The concept of "Sister Universities"

Stephan Jüngling, Deputy Head of the China Centre at the FHNW School of Business, is fascinated by the potential of town twinning. He wants to apply the fundamental idea of this concept to the international university landscape under the term "Sister University" - initial experience is already being gained with Shenzhen Technology University (SZTU), the first university of applied sciences in China.

It all began with the large Congress of Town Twinning in Chongqing, where representatives from all countries met in the world's largest city in 2016 to exchange experiences. Cities from Switzerland were also there with their Chinese twin cities: Basel (with Shanghai), Zurich (with Chongqing) and Solothurn (with Gansu). Stephan Jüngling, a lecturer in business information systems at the FHNW School of Business since 2012, was taking part in a month-long training course of the International Fellowship Program in China at the time.

He neither knew about this congress nor was he familiar with the giant city on the Yangtze River with its 34 million inhabitants; at least not until he received an invitation to accept a city twinning award there for the canton of Solothurn.

Stephan Jüngling was deeply impressed when he attended the congress events, company visits and excursions a few days later and received the award in the sea of lights of the huge conference hall with over a thousand people.

It suddenly became clear to me how little we really knew about this city and the incredible potential of the concept of town twinning. And I wanted to change that.

Stephan Jüngling, Deputy Head of the China Centre

From town twinning to "Sister University”


Stephan Jüngling noticed the way in which the children's hospitals in Basel and Shanghai exchange experience and benefit from synergies in direct contact and without first setting up complex structures. This was something he wanted to extend to universities of applied sciences. It then provided the impetus for a “Sister University”. After all, the School of Business' approximately 190 partner universities enable students and faculty to engage in mutual exchange and joint courses in addition to research projects – often limited to one semester. What is lacking, however, according to Stephan Jüngling, is low-threshold contact and a continuous exchange of experience between the countries. The project to link students and lecturers across continents and work out how such virtual meetings could ideally take place is still in its infancy. As Stephan Jüngling comments "You can answer the question of how marketing works in China on the basis of literature research alone – or you can exchange ideas with someone in China who teaches it actually."

Knowledge Transfer via Web Talk...

In cooperation with the Impact Lab of the FHNW, the first "web talk" with students, lecturers and start-ups from Olten and Shenzhen took place at the end of March. After a short introduction by the two universities and the Swiss Innovation Challenge, four start-ups presented their business ideas and collected feedback from the different cultures. Among these was an impressive account by Avenwood of how a small Swiss start-up can quickly and successfully transition to the online market and grow successfully despite losses due to COVID-19 at domestic Christmas markets. A student from SZTU showed how the marketing of tea could be supported using We Chat. Another Chinese young company had developed a toothbrush with sensor technology for children, i.e. a "smart toothbrush". They elaborated during the web talk how their initial idea of sending data to the parents' mobile to better monitor the brushing of their 6-10-year-old children's teeth evolved. After initial discussions with potential clients, it was clear that it should be done differently. The sensor technology should only be used for active monitoring, for example, to adjust the rotational movements if too much or too little pressure is applied during brushing.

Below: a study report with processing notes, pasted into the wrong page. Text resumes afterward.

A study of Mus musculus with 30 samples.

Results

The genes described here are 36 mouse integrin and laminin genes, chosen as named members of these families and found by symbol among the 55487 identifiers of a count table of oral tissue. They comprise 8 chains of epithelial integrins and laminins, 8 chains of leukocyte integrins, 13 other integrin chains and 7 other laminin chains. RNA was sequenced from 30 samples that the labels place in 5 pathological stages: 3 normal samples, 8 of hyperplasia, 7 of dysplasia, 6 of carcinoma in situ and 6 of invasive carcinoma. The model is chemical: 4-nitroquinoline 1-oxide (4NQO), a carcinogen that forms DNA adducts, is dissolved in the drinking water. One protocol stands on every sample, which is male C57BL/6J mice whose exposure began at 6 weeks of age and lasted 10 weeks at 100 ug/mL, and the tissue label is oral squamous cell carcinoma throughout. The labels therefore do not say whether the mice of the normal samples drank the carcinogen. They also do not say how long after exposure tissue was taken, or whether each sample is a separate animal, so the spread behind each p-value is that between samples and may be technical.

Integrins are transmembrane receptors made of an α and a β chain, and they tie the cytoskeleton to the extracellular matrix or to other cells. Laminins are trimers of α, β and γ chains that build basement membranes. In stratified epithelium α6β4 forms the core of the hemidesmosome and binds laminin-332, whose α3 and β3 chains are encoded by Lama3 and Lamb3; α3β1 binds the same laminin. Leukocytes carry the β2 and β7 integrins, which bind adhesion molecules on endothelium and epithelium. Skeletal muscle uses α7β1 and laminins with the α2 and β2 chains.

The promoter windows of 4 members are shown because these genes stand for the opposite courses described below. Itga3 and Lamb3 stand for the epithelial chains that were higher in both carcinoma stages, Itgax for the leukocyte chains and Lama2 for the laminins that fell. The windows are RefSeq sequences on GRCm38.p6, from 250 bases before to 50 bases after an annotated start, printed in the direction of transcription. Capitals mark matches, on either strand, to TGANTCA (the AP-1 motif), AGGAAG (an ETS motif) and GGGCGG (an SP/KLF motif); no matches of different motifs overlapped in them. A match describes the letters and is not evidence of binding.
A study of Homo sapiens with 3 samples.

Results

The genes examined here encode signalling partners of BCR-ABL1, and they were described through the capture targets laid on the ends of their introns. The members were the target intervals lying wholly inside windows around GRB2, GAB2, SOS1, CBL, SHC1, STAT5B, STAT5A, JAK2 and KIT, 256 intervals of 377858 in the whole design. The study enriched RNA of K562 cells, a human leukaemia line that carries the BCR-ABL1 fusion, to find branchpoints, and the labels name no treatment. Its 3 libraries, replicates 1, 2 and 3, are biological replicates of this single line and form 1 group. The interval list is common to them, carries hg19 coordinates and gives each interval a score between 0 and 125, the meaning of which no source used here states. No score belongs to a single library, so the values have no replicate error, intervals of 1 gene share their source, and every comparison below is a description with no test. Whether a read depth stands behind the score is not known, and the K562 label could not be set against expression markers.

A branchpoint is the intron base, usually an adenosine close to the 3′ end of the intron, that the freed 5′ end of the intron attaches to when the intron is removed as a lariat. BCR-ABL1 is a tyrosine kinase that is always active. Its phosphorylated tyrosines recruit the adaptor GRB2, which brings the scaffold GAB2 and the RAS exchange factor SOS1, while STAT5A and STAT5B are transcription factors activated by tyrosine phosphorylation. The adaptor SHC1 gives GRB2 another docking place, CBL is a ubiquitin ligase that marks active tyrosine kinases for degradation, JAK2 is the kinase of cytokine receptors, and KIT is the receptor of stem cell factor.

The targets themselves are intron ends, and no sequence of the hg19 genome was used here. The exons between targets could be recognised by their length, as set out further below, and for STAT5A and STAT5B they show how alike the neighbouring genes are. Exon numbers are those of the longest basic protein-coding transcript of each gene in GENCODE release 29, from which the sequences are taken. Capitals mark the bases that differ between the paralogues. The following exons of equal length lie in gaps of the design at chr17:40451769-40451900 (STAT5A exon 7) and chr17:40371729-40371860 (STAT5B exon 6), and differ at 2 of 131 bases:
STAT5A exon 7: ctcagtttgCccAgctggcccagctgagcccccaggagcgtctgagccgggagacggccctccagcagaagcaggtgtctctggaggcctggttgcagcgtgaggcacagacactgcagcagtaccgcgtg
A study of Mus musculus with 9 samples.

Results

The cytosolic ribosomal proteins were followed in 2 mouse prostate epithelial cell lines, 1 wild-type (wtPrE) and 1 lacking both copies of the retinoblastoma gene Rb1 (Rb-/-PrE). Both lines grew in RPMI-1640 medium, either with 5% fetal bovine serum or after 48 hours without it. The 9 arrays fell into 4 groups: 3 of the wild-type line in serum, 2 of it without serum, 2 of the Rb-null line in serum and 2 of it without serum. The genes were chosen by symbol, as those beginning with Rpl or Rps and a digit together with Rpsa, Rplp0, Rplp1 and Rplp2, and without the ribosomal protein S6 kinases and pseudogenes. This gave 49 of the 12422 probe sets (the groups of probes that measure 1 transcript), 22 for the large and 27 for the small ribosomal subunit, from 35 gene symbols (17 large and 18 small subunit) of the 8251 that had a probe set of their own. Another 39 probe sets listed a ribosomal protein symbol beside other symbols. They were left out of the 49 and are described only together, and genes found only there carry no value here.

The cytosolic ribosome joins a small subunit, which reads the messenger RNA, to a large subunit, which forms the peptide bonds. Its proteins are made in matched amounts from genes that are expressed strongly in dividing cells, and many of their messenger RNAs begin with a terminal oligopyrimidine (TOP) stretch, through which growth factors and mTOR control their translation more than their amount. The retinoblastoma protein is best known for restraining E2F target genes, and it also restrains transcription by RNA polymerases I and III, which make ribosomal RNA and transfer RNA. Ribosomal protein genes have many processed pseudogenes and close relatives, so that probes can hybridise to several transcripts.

... and joint student projects

Another project enables direct collaboration between students at SZTU and FHNW for the first time and is being carried out as part of the Independent Learning Module of the Master of Science in Business Information Systems. This small research project addresses mobility management and combines machine learning, video analysis and tracking to accurately measure and evaluate passenger behaviour. This is easy to implement in Shenzhen but cannot be implemented in this form in Switzerland due to the data protection of individuals.

This "Web Talk" also took place for the first time in this interactive and low-threshold form. Around 40 people took part, around two thirds from Switzerland. The event also showed that there is a language barrier, especially when English is spoken at high speed. In addition, the use of the video chat still needs to be practiced, as there are different cultural expectations as when to have your camera on and how to get involved in the discussion. Stephan Jüngling, who is in the process of learning Chinese, has been interested in such issues for years.

Students in China learn much more broadly and know much more about us than we do about them.

Stephan Jüngling

Mina Fu, master’s student in Business Information Systems in Olten, is now scientifically evaluating the event. Her master’s thesis ("Development of a Sister University Concept") aims to show how collaboration between SZTU and FHNW could be intensified in order to realise our mission of educating students as innovative and responsible leaders for a globally networked world, based not only on theoretical knowledge but also on practical experience.

In July, when Mina Fu’s master’s thesis is completed, the results will be available to determine the next stage of the project.